When we think of festival season, we think of muddy fields, cold showers, expensive beer and cheap tents. Deeper than that, we think of the music festival experience as one that ruptures routine, blurs boundaries, and ignites new friendships in overwhelming moments of euphoria.
Over the past eight years, the UK has seen a rise in city-based festivals, better known as the metropolitan music festival. Loved by many for their cosmopolitan vibe, these events follow the static formula of hosting hundreds of bands, across dozens of venues.
More than ever before, Liverpool Sound City 2015 promised to be a unique marriage of the conventional experiential festival, and the modern-day metropolitan festival.
Forgetting the frustrating noise bleed between stages, we can’t help but wonder what took Sound City so long to capitalise on Liverpool’s blessing. In a move to the historic Docklands of Liverpool, Bramley Moore Dock made the perfect setting for celebration of the wider arts including film, photography, crafts and performance art.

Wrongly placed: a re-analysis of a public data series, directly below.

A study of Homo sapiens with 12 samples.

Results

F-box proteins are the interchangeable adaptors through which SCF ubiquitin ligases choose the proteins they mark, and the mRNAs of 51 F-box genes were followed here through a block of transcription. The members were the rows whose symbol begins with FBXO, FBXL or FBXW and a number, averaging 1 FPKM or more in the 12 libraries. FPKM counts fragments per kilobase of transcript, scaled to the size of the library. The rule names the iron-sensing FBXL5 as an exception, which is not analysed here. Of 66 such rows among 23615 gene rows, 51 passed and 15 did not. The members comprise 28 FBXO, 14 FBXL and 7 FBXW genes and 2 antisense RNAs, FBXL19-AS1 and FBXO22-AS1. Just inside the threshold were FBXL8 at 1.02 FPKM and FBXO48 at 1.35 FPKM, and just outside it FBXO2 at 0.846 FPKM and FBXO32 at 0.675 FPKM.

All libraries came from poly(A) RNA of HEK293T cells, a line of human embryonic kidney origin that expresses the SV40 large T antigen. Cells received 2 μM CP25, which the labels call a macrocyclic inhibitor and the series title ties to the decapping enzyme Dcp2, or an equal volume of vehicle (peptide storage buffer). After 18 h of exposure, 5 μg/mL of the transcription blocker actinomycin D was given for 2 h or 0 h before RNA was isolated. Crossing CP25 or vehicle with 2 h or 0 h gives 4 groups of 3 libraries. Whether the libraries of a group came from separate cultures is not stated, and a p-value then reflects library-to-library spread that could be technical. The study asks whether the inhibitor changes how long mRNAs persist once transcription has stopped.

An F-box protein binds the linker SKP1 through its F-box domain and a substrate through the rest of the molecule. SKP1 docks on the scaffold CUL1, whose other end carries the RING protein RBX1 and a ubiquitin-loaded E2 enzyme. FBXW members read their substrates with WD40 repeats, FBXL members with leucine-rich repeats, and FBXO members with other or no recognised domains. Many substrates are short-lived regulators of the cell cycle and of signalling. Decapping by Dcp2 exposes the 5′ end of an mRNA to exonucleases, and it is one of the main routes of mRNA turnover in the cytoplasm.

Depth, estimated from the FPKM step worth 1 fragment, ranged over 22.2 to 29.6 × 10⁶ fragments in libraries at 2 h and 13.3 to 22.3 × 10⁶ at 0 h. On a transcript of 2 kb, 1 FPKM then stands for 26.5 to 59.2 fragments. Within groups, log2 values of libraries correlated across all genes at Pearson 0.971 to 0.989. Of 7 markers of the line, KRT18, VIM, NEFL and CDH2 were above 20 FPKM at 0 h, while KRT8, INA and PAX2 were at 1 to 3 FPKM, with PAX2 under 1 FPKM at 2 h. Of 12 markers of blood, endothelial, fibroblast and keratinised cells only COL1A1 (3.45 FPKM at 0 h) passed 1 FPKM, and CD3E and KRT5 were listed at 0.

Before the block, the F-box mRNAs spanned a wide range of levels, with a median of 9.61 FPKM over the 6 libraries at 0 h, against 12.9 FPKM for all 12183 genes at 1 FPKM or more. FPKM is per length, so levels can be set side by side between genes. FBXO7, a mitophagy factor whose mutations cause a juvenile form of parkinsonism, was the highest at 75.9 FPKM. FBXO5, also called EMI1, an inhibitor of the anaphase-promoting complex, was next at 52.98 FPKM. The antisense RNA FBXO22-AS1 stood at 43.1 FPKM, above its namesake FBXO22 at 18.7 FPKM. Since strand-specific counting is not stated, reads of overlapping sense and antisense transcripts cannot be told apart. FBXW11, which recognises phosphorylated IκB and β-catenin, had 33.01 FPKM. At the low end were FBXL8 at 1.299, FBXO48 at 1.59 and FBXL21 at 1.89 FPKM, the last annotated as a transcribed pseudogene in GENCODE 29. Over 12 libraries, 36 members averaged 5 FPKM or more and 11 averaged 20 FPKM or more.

Liverpool’s own Lantern Company appeared with a brand new set of illuminated puppet creatures for their UK debut following a night time appearance in Hong Kong. Hot on the heels of the Flaming Lips headline set, festival goers were transported into a surreal world of the impulsive imagination.
Absurd art and questions of science continued to morph through Sound City’s midnight chorus of delirium. The Skeleton Family plus specially decrepit guests danced through the intrusive neon lights of the dark derelict docklands.
Other equally dazzling celebrations of the arts included Sunday night’s Spark spectacle. Theatrical thrashing of the drums delivered by Worldbeaters Music LLP.
We hope Liverpool Sound City continues to blur the boundaries of the metropolitan music festival, challenging both organisers and punters to redefine their understanding of the music festival as an extra-ordinary experience.